Daily Archives: December 29, 2014


“Just me,” @IvaCheung mused on Twitter, “or does ‘lambaste’ not sound remotely threatening?” To which she added, “To me it just sounds delicious.”

And how could it not, at least to carnivores? Some lovely lamb-based dish, perhaps basted lamb, lambent in its bestial sapidity, the best braised meat you’ve had in ages? The very sound of the word fills my mouth’s imagination with a taste of rosemary and a hint of Madeira in the shimmering juices. Or perhaps, if we are more shellfish, it is an underpronounced clambake, slurred out by someone who has imbibed a bit much?

Is this word in any way semblant to the beating – physical (the older sense) or verbal – that it refers to? Can you imagine the “lam” as the wind-up, and the “baste” as the blow of the fist? It’s odd, though, to have a “long” vowel as the nucleus for something percussive. “Bust,” sure, and even “best” and “bossed” have a bit of punch, but “baste” is like “boast”: blow-hardy but a bit wide-swinging. And when you add the “lam” it’s more ambling, almost amiable. Sure, “lam” is the end of slam, and has something of a short, hard, firm sound, but not that hard, really; it’s resonant.

So where did we get this appetizing word for an unappetizing experience? It’s actually two words put together. I won’t say it’s a slapdash compound, but it’s a compound like slapdash: two words with very similar meaning glued together, wham-bam (thank you, ma’am).

The first part is lam. Does that make you think of go on the lam, meaning ‘beat it’? Guess what. It’s the same word. Lam first meant ‘beat’ (and is related to lame), but just as beat it means ‘leave’ (as we see in the long form beat a hasty retreat), so does go on the lam; Allan Pinkerton (of the detective agency) gives what is the OED’s first related citation, from 1886: “After he [a pickpocket] has secured the wallet he will … utter the word ‘lam!’ This means to let the man go, and to get out of the way as soon as possible.”

The second part is baste. Does that make you think of basting the lamb? Guess what. Yes, the two may be related. It’s not a sure thing! The baste may be related to beat. But even if it is it may be related to brushing or pouring those delicious savoury meat juices and fat onto the roasting meat… Not because the meat was brutally murdered before its cooking, of course. Just for some reason perhaps involving the laying on of the brush. Look, I don’t know, I can hardly think straight, I’m getting so hungry I’ve just ripped open a bag of all dressed chips. Don’t lay into me about it.


How does this word taste? Is it something succulent, even Lucullan, or is it more reminiscent of an occult octopus (or even Cthulhu)? Is it something from a deep and dark past? Or is it a messenger from the future, shining a light – or a beam of darkness?

It gives us so much to work with. Three syllables and only six letters, but look: in the heart, ulu, a word for a curved knife, shaped like a blade with a cup on either side; flanking that, c and s, one curve and two, related letters, passing through the ulu like an occult transformation; at the start, o, like an eye. This word seems made from Masonic symbolism like that pyramid on the US dollar bill. You know, the one with an all-seeing eye on it. Latin oculus omni.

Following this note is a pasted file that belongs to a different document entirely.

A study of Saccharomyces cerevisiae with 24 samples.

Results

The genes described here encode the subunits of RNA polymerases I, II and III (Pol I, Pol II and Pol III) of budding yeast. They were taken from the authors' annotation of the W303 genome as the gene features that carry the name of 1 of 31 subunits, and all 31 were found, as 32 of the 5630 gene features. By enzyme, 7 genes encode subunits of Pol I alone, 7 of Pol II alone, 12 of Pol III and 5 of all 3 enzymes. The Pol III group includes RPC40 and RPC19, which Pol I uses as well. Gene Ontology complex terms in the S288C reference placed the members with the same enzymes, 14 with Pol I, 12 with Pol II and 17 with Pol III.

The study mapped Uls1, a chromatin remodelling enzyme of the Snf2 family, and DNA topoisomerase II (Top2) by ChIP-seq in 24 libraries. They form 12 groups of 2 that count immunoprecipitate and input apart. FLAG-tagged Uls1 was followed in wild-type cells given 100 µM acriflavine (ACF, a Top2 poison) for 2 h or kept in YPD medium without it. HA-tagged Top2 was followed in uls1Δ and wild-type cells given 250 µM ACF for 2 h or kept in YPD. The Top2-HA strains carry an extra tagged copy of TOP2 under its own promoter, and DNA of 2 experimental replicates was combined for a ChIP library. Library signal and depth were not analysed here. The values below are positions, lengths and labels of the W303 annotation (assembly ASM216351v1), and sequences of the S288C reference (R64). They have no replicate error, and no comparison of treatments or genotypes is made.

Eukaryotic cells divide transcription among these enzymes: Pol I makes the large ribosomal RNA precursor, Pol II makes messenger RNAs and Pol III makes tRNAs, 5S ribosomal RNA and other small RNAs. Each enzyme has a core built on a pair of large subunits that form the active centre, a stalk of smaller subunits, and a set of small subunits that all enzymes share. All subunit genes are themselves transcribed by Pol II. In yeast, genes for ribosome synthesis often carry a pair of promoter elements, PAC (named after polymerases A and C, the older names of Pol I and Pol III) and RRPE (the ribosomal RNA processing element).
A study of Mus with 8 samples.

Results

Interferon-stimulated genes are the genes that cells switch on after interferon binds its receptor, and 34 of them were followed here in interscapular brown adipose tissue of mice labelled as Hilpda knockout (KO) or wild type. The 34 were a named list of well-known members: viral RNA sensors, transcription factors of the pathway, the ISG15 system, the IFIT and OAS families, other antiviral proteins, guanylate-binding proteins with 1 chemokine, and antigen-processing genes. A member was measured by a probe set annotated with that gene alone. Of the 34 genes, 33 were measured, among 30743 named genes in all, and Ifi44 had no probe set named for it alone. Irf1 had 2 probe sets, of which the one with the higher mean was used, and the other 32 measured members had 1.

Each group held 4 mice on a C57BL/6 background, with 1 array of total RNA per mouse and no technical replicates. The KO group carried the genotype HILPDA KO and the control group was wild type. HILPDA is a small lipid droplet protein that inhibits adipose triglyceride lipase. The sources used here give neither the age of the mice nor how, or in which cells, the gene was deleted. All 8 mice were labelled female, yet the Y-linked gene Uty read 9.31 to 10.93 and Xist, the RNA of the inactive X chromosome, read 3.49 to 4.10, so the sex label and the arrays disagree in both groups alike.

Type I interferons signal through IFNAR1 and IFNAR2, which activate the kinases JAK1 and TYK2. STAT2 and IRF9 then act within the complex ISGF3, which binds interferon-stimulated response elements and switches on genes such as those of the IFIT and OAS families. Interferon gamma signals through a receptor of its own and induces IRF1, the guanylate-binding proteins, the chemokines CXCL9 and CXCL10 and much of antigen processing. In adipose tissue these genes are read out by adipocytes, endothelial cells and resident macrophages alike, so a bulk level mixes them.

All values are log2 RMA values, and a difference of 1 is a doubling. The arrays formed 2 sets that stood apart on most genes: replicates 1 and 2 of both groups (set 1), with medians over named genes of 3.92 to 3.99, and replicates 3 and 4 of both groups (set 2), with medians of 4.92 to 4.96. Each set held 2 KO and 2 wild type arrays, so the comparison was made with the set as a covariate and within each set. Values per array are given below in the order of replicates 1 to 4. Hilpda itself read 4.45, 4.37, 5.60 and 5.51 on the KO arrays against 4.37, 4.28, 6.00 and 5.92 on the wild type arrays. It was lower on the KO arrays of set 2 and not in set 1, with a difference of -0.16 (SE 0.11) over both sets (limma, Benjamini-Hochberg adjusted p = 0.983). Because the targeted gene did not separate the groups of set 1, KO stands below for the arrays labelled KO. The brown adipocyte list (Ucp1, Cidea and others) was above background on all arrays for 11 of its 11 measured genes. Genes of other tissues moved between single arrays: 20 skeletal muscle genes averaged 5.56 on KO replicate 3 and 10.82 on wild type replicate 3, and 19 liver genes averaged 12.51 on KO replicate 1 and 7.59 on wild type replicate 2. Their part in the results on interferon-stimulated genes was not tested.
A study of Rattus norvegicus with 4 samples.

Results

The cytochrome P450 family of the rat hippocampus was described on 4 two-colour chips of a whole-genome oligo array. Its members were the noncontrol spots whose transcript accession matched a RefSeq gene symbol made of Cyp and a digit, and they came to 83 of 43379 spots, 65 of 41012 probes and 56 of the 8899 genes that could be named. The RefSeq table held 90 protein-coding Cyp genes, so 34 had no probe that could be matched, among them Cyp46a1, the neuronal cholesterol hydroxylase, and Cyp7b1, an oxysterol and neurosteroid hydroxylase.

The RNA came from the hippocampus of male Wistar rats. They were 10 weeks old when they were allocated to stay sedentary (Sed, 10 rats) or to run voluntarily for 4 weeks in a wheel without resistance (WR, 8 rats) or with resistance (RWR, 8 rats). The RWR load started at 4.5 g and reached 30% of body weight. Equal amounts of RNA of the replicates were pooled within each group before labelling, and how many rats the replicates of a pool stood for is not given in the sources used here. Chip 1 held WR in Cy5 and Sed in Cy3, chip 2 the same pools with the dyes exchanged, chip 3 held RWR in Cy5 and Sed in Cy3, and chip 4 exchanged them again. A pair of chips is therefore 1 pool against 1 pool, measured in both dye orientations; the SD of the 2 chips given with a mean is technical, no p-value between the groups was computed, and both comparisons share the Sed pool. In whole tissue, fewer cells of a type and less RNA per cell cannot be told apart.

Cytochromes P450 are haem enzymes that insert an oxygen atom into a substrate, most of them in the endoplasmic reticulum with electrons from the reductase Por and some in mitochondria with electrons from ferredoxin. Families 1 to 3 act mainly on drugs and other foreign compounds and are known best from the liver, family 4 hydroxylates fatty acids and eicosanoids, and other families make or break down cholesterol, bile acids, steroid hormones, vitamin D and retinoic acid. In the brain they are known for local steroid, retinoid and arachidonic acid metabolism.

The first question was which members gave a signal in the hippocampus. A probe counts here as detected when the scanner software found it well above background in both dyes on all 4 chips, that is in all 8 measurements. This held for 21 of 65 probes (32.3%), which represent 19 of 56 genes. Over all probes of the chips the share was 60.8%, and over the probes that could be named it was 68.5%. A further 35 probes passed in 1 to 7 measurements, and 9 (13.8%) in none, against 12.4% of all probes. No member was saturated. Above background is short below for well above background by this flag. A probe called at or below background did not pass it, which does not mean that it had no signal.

That’s what oculus is: ‘eye’. If you have glasses, your prescription has lines for OD and OS. That stands for oculus dexter – ‘right eye’ – and oculus sinister – ‘left eye’. Hmm, dexter and sinister. Like the good and bad side of oculus. (Except lately people hear “Dexter” and think “serial killer.” Thanks, TV.)

What you may think of when you hear oculus will depend on the spheres you travel in. (Get it? Spheres? Eyeballs are… never mind, moving on.) If you geek out on virtual reality, you’ll immediately think of Oculus Rift, a virtual-reality headset for gaming. If you’re in it, everything is awesome. But to outside observers, you look like a complete dork. So it’s all in where you see it from.

The same is probably true for the movie Oculus, which is a horror film made in 2013. Some people seem to have liked it; others found it… ridoculus.

If you’re into wine, particularly fairly good Okanagan wine, Oculus is the name of a line of Bordeaux-style blends from Mission Hill, a very nice looking winery set high above the lake with a full line of reliable wines and a heckuva tour. They named their pricy red blend Oculus after the architectural feature that lets light into their cellars.

Architectural feature. Yes, that’s really where you’ll see oculus. The circular skylight (if there is one) in the middle of a dome is an oculus. Similar round skylights in other parts of roofs are also called oculus (the plural would be oculi, but it’s not common to have more than one).

And then there’s the World Trade Centre. The new transportation hub, designed by Santiago Calatrava, has a feature they call an oculus. It is indeed a skylight. But it’s not exactly a hole in a dome. It’s the whole thing that’s there in place of a dome: a large humped ridge with wings, or spines; some have called it dinosaur bones. It may be seen to resemble a closed – or barely-open – eye with long eyelashes. There are a few other analogies also available. What it does not resemble is a round skylight. Or anything small. (The ulus ending suggests smallness. Compare loculus, ‘little place’, from locus, ‘place’; a loculus is a niche, for instance for bodies in a mortuary or catacombs.)

Well, so be it. It’s a bit of a crisp, arch word, with tastes bright and dark. I find it succulent like coquilles. But what I wonder most is: Is there a locus with an oculus in Ucluelet?